It was reported last month that the architect Zaha Hadid's executors have fallen out, prompting one of them, Patrik Schumacher, to start legal proceedings to remove the other three. Schumacher has stated that he wants to replace his three co-executors with independent professional executors. They allege that Schumacher is taking the action in order to obtain control of the estate, and that he is motivated by personal gain.
When does the Court have power to remove an executor and in what circumstances?
This will depend on whether or the not the personal representatives (PRs) have obtained a Grant of Representation (a Grant), which is the document issued by the Court evidencing the PRs right to deal with the deceased's estate.
If no Grant has been obtained, but if the PRs refuse to take steps to obtain a Grant – and are also refusing to step down – then it is possible for an application to be made to Court (usually by the beneficiaries of the estate) to try and force the PRs to either accept or refuse the appointment.
If a Grant has been obtained already then the Court has discretion to remove PRs. In considering whether to exercise that discretion the Court must have in mind the welfare of the beneficiaries. Common reasons to remove PRs include:
- Failure to administer the estate properly, for example, by misappropriating estate funds, or by lack of progress.
- Conflicts of interest. An example would be a PR who can exercise powers to distribute assets amongst a class of beneficiaries, where the class includes the PR, thus allowing the PR to benefit themselves.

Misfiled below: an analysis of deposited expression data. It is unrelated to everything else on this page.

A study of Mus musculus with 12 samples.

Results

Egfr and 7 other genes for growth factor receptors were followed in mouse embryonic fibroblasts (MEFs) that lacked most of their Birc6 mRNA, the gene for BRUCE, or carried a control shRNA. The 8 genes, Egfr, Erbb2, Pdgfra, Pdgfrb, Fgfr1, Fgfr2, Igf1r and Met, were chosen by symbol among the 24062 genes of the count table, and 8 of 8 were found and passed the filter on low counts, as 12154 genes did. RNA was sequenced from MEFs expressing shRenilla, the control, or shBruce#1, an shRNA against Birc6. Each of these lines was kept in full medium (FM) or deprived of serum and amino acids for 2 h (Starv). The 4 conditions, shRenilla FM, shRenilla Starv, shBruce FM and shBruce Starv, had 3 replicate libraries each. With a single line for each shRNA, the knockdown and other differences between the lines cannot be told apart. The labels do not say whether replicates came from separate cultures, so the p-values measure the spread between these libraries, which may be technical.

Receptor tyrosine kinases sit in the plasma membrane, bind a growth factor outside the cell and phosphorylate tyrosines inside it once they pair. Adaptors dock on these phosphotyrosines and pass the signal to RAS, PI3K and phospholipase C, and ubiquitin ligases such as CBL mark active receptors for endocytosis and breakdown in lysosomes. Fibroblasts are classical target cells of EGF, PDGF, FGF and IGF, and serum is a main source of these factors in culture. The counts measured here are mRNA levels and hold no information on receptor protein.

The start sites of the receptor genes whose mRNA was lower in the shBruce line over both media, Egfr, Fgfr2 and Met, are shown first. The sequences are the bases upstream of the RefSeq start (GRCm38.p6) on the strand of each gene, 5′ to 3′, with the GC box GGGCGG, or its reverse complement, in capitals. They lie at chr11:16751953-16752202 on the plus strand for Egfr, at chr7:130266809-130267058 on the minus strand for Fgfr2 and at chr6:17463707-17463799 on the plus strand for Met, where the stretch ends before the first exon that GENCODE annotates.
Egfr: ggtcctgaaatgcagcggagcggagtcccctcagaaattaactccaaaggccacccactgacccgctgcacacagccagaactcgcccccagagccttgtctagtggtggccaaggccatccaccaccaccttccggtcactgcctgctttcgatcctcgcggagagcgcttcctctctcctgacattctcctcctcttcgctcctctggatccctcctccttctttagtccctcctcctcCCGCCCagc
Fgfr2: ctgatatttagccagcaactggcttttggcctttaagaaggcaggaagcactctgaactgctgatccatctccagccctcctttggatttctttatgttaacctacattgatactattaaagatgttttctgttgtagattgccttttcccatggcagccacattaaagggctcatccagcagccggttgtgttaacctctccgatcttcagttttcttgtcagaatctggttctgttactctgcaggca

- Being unfit for office or unable to act, for example, due to lack of mental capacity.
An application to Court to remove a PR is not one taken lightly. It can be costly and ultimately lead to more delays and animosity between the parties involved.
So what steps should be taken to avoid disputes of this nature arising?
Ensure that a Will is in place. Without a Will one has to look to the intestacy rules to establish who is entitled to obtain a Grant for a deceased's estate. The intestacy rules list the individuals who are permitted to administer an estate. There is a strict order of entitlement and the order cannot be departed from. The individuals on the list may not always be appropriate and this can invariably lead to conflict.
When putting a Will in place think carefully about who will be appointed as the executors. A lot of responsibility rests on an executor's shoulders and the role is not always an easy one, particularly where the estate is complicated.
Where an estate is complex or where there is the potential for family conflict it is advisable to appoint independent executors who have no interest in the estate. This could be a family friend or a trusted work colleague, but as the Hadid case shows, even then "independent" executors can fall out. To avoid this consider appointing professional executors, such as an accountant or solicitor.
Finally, review the Will and the appointment of executors on a regular basis. This will ensure that if there are changes in circumstances (i.e., there is a falling out or losing touch with an executor) then the appointment of executors can be updated accordingly.